As an example (taken from eventlayerplugin.py):

class EventLayerPlugin:
    def __init__(self,  iface):
    self.mIface = iface
    ....

def run(self):
    dialog = EventLayerDialog( self.mIface )
    if dialog.exec_() == QDialog.Accepted:
        lineLayer = QgsMapLayerRegistry.instance().mapLayers()[dialog.lineLayer()]
        eventLayer = QgsMapLayerRegistry.instance().mapLayers()[dialog.eventLayer()]
        ....

where does iface and QgsMapLayerRegistry get assigned to the actual objects in the running instance of QGIS? From my beginner's perspective they seem to 'magically' refer to those objects already existing in the running instance, yet nowhere do I see them assigned to represent the instance objects. I.e. where in the plugin script are the QGIS objects made known to the script?

Clear as mud? If so, let me know and I'll try to figure out a better way to phrase this.


QgisAppInterface (aka 'iface') is assigned via the embedded Python interpreter instantiated by the app on launch, and is then subsequently passed on to Python plugins and the console via the 'qgis.utils' module.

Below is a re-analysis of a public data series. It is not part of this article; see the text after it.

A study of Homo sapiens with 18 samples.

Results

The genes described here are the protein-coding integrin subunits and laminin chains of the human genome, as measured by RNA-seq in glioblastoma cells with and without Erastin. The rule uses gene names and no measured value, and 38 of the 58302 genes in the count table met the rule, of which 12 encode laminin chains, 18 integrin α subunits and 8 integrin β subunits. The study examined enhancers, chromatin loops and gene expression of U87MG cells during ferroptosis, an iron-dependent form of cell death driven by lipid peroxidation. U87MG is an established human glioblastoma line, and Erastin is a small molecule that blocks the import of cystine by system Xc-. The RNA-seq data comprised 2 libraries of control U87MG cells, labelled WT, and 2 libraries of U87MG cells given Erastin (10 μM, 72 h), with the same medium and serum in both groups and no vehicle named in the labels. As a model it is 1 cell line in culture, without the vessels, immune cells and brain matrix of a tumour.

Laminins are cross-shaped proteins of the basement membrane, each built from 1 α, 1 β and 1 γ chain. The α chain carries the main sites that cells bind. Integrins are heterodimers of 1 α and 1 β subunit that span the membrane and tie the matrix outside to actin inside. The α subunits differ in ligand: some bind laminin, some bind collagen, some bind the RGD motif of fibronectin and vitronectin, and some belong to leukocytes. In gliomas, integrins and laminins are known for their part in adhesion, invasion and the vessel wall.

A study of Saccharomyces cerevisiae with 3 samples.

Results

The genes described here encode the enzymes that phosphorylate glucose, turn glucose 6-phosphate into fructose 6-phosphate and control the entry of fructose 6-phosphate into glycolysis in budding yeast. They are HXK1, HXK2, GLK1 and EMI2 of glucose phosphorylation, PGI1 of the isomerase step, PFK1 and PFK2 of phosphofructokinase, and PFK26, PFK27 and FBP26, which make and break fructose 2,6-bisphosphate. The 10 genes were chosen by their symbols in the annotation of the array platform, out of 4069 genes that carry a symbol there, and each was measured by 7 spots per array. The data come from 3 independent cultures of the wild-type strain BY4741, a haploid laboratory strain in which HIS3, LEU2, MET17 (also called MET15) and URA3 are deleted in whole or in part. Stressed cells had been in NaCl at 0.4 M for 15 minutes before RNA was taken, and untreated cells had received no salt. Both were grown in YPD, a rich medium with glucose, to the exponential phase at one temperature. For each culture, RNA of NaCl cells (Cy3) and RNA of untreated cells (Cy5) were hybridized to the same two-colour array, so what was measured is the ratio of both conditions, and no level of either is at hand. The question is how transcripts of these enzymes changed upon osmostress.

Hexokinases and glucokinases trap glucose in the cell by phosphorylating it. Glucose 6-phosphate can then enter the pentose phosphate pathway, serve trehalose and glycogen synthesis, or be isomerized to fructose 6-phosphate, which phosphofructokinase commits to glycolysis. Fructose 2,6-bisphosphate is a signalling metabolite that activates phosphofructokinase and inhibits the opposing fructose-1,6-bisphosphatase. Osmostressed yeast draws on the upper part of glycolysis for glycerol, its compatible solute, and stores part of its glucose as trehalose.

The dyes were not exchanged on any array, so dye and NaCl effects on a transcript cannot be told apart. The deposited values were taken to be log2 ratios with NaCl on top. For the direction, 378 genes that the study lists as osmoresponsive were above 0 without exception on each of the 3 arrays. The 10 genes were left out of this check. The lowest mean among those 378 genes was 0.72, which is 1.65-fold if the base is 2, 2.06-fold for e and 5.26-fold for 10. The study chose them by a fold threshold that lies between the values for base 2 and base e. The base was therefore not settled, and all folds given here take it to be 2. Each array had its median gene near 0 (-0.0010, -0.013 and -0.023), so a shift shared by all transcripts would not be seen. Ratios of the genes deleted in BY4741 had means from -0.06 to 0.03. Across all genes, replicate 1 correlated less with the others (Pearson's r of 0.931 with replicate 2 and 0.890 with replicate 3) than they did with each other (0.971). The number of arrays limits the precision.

Specifically, when a plugin is loaded and started, it's class factory (in __init__.py) is passed the object reference (pointer) to iface, as a convenience, since it is generally immediately needed by the plugin's initGUI() method to load actions/menus/icons into the GUI for users to access the plugin. If needed, it can then again be passed into the plugin's main class, as, I believe, is the case with Plugin Builder's generated class.

The magical references to running QGIS-internal instances come from the sip bindings (PyQGIS) that allow access to the underlying QGIS C++ API. Those bindings are exposed to Python by importing one of QGIS's modules into your plugins/scripts from within the running app, or externally with some setup that involves launching an app instance, e.g.:

from qgis.core import QgsMapLayerRegistry
print QgsMapLayerRegistry.instance().mapLayers()

If running commands in the console, you can forgo the imports for qgis.core as it is already imported (via from qgis.core import *), so this works same as above:

print QgsMapLayerRegistry.instance().mapLayers()

The master branch has a new Python console with some API code completion and tools to help you. You will have to install a nightly binary or compile it yourself to check that out.